Lung cancer is cancer that starts in the lungs. The most common type is non-small cell lung cancer (NSCLC).
A rare subset of adenocarcinoma begins in the tiny air sacs in the lungs (alveoli). It’s called adenocarcinoma in situ (AIS). This type isn’t aggressive and may not invade surrounding tissue or need immediate treatment. Faster-growing types of NSCLC include large-cell carcinoma and large-cell neuroendocrine tumours.
Mesothelioma is another type of lung cancer. It’s usually associated with asbestos exposure. Carcinoid tumors start in hormone producing (neuroendocrine) cells. Tumors in the lungs can grow quite large before you notice symptoms. Early symptoms mimic a cold or other common conditions, so most people don’t seek medical attention right away. That’s one reason why lung cancer isn’t usually diagnosed in an early stage.
Anyone can get lung cancer, but 90 percent of lung cancer cases are the result of smoking. From the moment you inhale smoke into your lungs, it starts damaging your lung tissue. The lungs can repair the damage, but continued exposure to smoke makes it increasingly difficult for the lungs to keep up the repair.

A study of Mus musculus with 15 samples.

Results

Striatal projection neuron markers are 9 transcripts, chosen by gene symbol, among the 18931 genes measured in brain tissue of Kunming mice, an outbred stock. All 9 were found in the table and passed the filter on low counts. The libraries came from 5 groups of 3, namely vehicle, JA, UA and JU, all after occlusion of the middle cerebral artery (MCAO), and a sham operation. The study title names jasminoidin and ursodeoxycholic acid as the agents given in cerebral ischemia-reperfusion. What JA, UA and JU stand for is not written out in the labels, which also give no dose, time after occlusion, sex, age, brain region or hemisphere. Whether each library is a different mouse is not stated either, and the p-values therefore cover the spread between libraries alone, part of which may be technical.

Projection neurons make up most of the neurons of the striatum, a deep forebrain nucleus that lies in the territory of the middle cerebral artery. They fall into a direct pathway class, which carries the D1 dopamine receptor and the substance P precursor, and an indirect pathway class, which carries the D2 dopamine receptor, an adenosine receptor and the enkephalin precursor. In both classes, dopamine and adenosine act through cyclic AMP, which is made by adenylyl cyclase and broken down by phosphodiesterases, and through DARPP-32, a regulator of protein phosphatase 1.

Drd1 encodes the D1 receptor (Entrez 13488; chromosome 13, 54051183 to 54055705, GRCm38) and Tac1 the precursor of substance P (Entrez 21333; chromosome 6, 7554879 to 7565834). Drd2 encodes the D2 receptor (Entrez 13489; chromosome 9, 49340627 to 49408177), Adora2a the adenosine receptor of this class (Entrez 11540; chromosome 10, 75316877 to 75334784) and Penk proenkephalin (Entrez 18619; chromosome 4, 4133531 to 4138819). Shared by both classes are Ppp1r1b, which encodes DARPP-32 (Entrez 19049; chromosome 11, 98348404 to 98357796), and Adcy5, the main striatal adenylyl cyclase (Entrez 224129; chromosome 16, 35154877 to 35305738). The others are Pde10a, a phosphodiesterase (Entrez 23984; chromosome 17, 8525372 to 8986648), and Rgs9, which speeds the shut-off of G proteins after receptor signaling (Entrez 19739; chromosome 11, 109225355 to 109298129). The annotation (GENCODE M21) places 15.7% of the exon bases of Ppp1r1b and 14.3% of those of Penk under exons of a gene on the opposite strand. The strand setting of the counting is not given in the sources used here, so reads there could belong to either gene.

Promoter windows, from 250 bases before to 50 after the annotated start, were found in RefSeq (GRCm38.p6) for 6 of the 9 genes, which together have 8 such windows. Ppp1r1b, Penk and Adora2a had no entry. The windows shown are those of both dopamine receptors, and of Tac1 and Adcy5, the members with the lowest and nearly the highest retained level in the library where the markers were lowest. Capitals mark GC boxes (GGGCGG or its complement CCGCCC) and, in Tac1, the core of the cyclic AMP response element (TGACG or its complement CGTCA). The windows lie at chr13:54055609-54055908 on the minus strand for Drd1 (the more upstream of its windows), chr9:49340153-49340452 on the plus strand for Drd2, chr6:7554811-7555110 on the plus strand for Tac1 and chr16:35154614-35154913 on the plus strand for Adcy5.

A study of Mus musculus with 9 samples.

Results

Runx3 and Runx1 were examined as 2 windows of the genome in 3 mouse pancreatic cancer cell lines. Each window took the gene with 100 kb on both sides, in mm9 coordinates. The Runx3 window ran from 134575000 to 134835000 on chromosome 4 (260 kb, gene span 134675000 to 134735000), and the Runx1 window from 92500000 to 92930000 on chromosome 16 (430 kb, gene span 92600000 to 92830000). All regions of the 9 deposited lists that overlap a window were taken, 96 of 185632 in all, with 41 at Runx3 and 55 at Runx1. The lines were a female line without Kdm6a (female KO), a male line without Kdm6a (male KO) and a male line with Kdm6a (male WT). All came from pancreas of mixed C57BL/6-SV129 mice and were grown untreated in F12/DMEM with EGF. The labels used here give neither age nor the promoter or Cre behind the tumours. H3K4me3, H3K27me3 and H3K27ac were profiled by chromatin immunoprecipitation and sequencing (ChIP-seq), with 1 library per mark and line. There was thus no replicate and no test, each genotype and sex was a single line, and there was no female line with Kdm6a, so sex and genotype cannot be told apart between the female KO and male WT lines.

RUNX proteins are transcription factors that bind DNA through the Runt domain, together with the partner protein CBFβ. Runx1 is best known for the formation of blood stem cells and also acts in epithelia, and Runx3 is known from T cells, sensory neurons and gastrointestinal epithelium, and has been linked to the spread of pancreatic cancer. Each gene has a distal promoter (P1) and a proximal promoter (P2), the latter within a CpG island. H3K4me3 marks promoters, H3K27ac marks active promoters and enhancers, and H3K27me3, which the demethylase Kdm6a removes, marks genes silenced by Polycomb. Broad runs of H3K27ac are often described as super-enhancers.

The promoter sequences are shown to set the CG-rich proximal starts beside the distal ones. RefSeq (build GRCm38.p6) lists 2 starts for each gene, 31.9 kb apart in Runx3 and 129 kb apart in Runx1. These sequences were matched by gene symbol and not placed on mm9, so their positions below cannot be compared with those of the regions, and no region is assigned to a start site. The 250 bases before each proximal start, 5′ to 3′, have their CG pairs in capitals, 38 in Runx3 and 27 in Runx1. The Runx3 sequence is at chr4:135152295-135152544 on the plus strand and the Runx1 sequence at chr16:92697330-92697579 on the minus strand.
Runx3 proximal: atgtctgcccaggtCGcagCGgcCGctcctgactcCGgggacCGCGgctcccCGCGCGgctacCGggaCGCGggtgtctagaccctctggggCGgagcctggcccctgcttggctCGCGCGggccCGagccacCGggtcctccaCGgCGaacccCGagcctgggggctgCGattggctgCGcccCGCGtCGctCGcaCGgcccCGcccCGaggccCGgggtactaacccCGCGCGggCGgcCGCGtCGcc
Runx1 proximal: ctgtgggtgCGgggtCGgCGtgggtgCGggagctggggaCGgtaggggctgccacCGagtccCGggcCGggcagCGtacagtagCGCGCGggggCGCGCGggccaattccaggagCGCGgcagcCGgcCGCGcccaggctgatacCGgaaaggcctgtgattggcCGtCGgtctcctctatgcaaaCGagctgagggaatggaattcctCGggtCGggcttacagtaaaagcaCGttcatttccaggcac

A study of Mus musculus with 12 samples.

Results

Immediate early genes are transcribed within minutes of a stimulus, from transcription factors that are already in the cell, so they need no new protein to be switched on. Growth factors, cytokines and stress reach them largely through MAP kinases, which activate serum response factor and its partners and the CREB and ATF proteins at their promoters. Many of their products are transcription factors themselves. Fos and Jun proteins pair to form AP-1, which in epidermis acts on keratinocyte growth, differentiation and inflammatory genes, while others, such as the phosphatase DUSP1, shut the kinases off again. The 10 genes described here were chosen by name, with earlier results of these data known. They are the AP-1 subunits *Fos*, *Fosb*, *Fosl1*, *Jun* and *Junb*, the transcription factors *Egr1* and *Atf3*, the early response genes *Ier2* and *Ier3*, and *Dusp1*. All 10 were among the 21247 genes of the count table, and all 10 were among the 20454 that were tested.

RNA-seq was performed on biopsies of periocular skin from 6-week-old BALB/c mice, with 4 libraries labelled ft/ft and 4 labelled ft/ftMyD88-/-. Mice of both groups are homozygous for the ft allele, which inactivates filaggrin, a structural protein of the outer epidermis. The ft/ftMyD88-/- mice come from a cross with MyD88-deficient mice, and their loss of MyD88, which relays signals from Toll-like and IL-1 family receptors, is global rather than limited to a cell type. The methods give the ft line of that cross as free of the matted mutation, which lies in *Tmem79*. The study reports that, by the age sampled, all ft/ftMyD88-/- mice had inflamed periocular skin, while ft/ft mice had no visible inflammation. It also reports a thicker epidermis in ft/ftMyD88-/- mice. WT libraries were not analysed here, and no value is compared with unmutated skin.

How to Identify?
Lung cancer sometimes creates a substance similar to hormones, causing a wide variety of symptoms called paraneoplastic syndrome.
- muscle weakness
- fluid retention
- high blood pressure
- high blood sugar
Symptoms of non-small cell lung cancer and small cell lung cancer are basically the same.
Early symptoms may include:
- lingering or worsening cough
- coughing up phlegm or blood
- chest pain that worsens when you breathe deeply, laugh, or cough
- shortness of breath
- weakness and fatigue
- loss of appetite and weight loss
What to Do?
Your doctor may be able to help make that happen. If you’re diagnosed with lung cancer.
Stage 1 NSCLC: Surgery to remove a portion of the lung may be all you need. Chemotherapy may also be recommended, especially if you’re at high risk of recurrence.
Stage 2 NSCLC: You may need surgery to remove part or all of your lung. Chemotherapy is usually recommended.
Stage 3 NSCLC: You may require a combination of chemotherapy, surgery, and radiation treatment.
Stage 4 NSCLC is particularly hard to cure. Options include surgery, radiation, chemotherapy, targeted therapy, and immunotherapy.
Options for small cell-lung cancer (NSCLC) also include surgery, chemotherapy, and radiation therapy. In most cases, the cancer will be too advanced for surgery.